I know there are two criteria to meet in order for nuclear fusion to occurs.

  • High temperature (many times temperature at Sun's core)
  • High pressure (protons are very close to each other)


However I want to know what equations allows me to calculate the amount of hydrogen gas needed so that the internal pressure can produce the right amount of heat for nuclear fusion to occur.

[My own understandings]

I also understand that the temperature of our Sun's core is not sufficient to overcome the coulomb barrier, it make use of quantum tunneling to achieve fusion instead.


What is the minimum amount of hydrogen gas required to form a star? (also please include the name of the equation used)


  • shape is perfectly spherical
  • no angular velocity, not rotating
  • homogenous, consist of 95% hydrogen and 5% helium
  • sustain fusion for at least 1 million years

A proposal for the minimum mass of a gas cloud before collapsing to become a star was made by James Jeans; because of this, it was termed the Jeans mass. It is calculated as $$M=\frac{4 \pi}{3} \rho R^3$$ where $\rho$ is density and $R$ is the radius of the cloud - one half of the Jeans length, which is dependent on the speed of sound and the density of the cloud. It was originally thought that any mass above the Jeans mass would not be in hydrostatic equilibrium, and would collapse.

But Jeans didn't realize that any regions outside this radius would also collapse. So his arguments were flawed, though they're still sound in many applications.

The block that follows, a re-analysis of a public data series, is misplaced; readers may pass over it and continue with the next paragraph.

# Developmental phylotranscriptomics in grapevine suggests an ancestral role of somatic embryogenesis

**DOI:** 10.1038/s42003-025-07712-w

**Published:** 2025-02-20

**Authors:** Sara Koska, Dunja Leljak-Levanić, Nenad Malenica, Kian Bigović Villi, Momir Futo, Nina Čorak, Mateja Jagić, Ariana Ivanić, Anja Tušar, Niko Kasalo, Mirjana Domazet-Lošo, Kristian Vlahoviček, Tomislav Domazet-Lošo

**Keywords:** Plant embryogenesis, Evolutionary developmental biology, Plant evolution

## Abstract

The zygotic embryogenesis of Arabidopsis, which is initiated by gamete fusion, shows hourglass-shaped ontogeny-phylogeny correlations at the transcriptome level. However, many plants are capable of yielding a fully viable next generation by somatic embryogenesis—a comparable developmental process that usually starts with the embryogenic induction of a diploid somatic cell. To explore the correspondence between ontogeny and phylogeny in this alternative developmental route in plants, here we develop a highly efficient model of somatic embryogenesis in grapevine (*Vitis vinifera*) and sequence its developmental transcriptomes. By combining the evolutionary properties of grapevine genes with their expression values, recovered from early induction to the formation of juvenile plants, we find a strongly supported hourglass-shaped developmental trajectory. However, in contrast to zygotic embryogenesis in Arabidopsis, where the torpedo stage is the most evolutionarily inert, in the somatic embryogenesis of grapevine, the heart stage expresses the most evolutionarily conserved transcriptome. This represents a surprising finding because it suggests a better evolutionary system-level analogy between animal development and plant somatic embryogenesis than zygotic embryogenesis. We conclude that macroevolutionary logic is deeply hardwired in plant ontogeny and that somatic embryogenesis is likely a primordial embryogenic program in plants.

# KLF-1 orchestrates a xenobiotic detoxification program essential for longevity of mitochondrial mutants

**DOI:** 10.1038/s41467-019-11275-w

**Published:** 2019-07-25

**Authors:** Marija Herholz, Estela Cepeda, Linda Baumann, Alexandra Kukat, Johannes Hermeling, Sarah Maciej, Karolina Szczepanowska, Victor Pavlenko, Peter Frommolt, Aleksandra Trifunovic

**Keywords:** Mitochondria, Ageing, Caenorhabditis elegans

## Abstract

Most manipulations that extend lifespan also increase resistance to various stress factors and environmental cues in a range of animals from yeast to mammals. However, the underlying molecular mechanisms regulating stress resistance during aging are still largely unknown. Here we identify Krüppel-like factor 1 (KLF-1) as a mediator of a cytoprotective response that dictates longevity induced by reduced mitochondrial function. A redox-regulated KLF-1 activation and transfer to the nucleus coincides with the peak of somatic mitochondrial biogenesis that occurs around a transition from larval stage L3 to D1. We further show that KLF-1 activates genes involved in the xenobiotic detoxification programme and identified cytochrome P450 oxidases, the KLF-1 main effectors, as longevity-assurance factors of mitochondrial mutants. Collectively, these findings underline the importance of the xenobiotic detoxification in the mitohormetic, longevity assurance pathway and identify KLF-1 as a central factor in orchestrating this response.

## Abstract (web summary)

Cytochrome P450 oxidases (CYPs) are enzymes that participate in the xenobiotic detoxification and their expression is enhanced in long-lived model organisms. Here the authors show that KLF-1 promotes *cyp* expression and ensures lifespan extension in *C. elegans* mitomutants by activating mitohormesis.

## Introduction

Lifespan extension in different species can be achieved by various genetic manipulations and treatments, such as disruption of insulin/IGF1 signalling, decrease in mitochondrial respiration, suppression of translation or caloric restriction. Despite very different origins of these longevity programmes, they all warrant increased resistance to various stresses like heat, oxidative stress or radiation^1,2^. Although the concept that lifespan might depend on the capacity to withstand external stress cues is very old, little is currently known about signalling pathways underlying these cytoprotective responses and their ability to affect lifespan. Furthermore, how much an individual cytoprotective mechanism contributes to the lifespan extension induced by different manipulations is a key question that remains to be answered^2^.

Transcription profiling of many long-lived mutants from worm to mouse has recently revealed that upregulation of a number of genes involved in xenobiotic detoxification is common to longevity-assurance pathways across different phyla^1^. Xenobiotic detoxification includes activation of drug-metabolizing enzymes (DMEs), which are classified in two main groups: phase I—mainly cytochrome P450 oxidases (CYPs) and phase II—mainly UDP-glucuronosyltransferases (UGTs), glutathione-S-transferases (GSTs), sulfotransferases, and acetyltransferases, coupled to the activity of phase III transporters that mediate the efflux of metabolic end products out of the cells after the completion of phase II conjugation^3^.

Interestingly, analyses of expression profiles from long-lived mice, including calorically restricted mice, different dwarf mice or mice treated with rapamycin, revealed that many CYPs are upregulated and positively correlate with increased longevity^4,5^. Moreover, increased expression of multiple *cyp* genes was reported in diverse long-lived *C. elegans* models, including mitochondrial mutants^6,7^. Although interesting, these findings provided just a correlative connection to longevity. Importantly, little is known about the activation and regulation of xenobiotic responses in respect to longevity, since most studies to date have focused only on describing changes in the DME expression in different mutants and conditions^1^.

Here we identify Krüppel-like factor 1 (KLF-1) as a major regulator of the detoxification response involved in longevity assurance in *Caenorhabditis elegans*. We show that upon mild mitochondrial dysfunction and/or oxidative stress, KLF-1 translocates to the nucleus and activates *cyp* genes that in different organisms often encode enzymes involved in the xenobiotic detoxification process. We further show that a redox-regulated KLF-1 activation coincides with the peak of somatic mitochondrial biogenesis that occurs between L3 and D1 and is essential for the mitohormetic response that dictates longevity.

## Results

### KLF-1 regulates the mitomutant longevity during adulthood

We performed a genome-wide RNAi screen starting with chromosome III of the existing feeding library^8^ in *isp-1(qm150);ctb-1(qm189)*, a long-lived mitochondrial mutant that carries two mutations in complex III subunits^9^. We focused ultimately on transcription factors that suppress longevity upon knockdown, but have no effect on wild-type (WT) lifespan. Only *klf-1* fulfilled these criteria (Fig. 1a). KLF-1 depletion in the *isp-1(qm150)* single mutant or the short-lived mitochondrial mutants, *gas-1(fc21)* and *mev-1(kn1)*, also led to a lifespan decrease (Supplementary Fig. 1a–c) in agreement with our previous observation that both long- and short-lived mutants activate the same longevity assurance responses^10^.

There is no equation, you need a detailed model of the interior physics of very low mass stars. Very roughly, you can say that hydrogen fusion occurs when the central temperature exceeds about $10^{7}\ K$ (the density dependence is secondary) and that from the virial theorem, the central temperature is given approximately by $T \simeq 1.6\times 10^{7} M/R$, where the mass and radius are in solar units. $M/R$ decreases slowly down the main sequence towards lower mass stars, but then what happens is that electron degeneracy pressure becomes important and less massive objects do not become much smaller than Jupiter-sized and thus $M/R$ decreases and fusion stops - or rather it never starts.

In detail the minimum mass for hydrogen fusion in a manner that is capable of sustaining a star in equilibrium against gravitational contraction is about $0.075M_{\odot}$. With an uncertainty of about $0.002M_{\odot}$.

It is slightly more complicated than this, since at lower internal temperatures the deuterium in a star can fuse. This will happen during the early life of any ball of gas more massive than about 13 Jupiter masses.

Your assumptions about the relative H and He abundances are completely wrong. Even in the early universe the gas is $\sim 25$% He by mass.